As I have mentioned many times, I do not have much choices at Japanese restaurant as I do not eat raw food.. As for sushi, I only eat the cucumber maki and sushi with cooked food. Tamagoyaki is always one of them that I ordered. Strangely enough, I liked it because it is sweet and possibly the friendly taste..
“Tamagoyaki (卵焼き or 玉子焼き, literally “grilled egg”, also called tamago or dashimaki) is a type of Japanese omelette, which is made by rolling together several layers of cooked egg. These usually are prepared in a rectangular omelette pan called a makiyakinabe. There are several types of tamago. Tamago is made by combining eggs, and sometimes sugar or soy sauce. Additionally,sake is used in some recipes. An alternative version includes a mix of shrimp puree, grated mountain yam, sake and egg, turned into a custard-like cake.” (Source: https://en.wikipedia.org/wiki/Tamagoyaki)
This is definitely not a difficult recipe and there is a special pan called makiyakinabe specially designed for the preparation of this omelette. Some even come with a cover and presser that nicely fit into the pan so that you can compact your tamagoyaki into rectangular shape. The one I used does not have that and therefore it is a bit more difficult to make the omelette compact enough.
Is it really necessary to have this pan? My objective assessment is not necessary but with this pan, it is much easier for you to prepare and there are less wastage at the sides. The recovery rate for serving are higher. In fact there are many recipes in the internet that teaches how to cook using a round pan. If you are asking how much I pay for this pan, I get mine from Robinson Departmental stores, Singapore at the price of about S$20. I believed many other places will have this too.
The recipe is very straight forward and you can adjust the sugar and salt to your liking. This recipe is on the sweet side and if you like savoury egg omelette, you can reduce the sugar accordingly. I am generally happy with this very first attempt of tamagoyaki. It looks easy but i am of the humble opinion that it needs practises.
I have prepared two tamagoyaki. The first one is slightly brownish and during the preparation, I have adjusted the heat until that it will dry up but not yet brown. Do make some allowances for error if you are preparing for the very first time. While it is a satisfactory batch in terms of colour and shape, but the compactness can be further improved. There are some holes in the first batch that should not appeared in Tamagoyaki.
WHAT IS REQUIRED
Servings: 3-4 adult servings
- 4 eggs
- one packet (5 grams) of dashi stock (optional)
- 1 tablespoon of Japanese rice wine , Mirin (optional)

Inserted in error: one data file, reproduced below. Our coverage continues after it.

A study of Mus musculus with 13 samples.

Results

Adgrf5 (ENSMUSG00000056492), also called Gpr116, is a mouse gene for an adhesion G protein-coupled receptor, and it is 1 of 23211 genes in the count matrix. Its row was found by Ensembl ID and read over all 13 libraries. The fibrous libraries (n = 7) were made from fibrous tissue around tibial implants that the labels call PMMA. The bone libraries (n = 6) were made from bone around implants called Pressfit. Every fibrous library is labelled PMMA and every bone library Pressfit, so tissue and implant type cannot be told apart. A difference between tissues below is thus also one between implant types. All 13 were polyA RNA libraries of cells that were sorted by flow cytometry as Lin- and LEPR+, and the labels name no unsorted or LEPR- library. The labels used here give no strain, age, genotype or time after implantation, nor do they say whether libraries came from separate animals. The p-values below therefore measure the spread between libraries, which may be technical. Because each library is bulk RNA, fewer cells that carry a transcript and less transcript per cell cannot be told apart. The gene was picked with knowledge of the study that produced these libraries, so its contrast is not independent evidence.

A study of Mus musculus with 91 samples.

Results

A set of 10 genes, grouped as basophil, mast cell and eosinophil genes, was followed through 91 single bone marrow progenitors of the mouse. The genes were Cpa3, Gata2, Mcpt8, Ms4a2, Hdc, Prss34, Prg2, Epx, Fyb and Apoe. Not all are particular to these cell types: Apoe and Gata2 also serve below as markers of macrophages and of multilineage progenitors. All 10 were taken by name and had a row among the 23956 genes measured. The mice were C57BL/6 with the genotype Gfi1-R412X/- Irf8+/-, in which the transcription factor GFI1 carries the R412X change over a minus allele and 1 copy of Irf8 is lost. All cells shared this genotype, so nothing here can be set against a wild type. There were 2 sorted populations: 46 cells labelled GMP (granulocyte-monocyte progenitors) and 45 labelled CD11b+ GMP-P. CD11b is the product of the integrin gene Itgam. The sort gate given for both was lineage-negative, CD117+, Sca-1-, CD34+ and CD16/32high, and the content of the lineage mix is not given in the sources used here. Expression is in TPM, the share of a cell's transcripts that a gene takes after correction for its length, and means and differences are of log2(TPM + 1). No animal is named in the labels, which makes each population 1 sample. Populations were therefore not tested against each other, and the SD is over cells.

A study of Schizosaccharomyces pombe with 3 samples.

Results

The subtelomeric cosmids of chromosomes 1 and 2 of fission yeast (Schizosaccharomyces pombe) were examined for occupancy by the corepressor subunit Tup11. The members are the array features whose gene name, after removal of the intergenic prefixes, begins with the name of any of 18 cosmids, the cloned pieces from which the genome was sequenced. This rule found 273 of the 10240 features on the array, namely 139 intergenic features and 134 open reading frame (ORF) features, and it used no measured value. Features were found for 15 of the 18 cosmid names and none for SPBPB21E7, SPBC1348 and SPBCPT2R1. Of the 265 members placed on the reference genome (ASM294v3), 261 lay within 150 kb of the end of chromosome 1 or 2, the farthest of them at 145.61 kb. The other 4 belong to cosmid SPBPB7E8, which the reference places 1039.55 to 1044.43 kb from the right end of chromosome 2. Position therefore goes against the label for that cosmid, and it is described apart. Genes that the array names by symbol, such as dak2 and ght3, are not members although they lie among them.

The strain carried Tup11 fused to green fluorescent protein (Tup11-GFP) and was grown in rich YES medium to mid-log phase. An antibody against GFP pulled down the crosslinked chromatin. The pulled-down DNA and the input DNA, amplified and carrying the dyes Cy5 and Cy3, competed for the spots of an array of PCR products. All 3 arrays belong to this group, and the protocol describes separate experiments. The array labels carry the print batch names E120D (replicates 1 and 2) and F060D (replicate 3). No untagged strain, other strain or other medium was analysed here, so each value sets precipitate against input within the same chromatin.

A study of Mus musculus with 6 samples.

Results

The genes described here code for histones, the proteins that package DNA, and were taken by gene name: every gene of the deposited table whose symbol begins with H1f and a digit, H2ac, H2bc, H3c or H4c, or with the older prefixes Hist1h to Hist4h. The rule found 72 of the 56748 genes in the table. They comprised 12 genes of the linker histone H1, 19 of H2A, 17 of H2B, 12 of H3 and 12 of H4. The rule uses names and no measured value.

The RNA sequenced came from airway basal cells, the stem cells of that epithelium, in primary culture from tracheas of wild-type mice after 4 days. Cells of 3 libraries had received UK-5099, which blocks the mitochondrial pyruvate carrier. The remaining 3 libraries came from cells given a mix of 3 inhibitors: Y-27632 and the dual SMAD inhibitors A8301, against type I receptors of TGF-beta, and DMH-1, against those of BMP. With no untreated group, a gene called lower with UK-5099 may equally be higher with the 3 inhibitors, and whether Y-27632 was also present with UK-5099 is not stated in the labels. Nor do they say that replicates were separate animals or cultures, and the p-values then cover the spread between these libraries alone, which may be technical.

- 4 tablespoons of fresh milk
- Pinches of salt
- 2 tablespoons of white sugar
STEPS OF PREPARATION
- In a bowl, crack the eggs and add all the ingredients. Use a pair of chopstick to beat the egg lightly until well combined without lumps.
- Heat up the pan (round or makiyakinabe) under medium to low heat, and brush with some cooking oil, pour some beaten eggs into the pan such that it forms a thin layer.
- When the eggs are set, gently roll the omelette from one side such that it is in a log form. Brush the pan with the oil again, and push the rolled egg omelette to one side. Add a bit more eggs such that it covers the pan. Lightly tilt the rolled egg omelette and let the beaten eggs flow to the bottom. This will ensure that the rolled egg omelette will stick to the new layer. Rolled again from the other side. Repeat the same procedures until all the beaten eggs are used. For me, it is about 5 layers for this recipe.
- Cooled for about 5 minutes before slicing using a sharp knife.
- Don’t worry about the first layer. It is the most difficult layer to roll. It will become easier and easier when our omelette are thicker. As it gets thicker, it will become a rectangular shape. If you have an icing leveller, you can use it to compact the eggs by pressing on one side against the vertical wall and another one from the top. This will yield a beautiful rectangular tamagoyaki.
- Keep an eye on the heat and do rotate your pan to ensure even heat distribution. Tamagoyaki is not supposed to be brownish. Therefore, the eggs you poured into the pan must not be too thick. The quantity of the eggs poured down is considered as ideal if it can set without browning. In order for the various layers to stick together, the eggs must not be overcooked. Therefore, you have to roll at the right time for them to stick together.
The tamagoyaki pan is useful but not necessary. You can always used a round pan and many other recipes have used round pan though the tamagoyaki produced will not be as beautiful as those served in the restaurant. Whether or not to invest in such a pan is up to individual. Once again, preparing this is not difficult, it is the learning curve that readers will have to prepare for it. Set aside some error tolerances for the first few eggs. Personally, I am pleased with the recipe and I hoped it will help those who are looking for the recipe.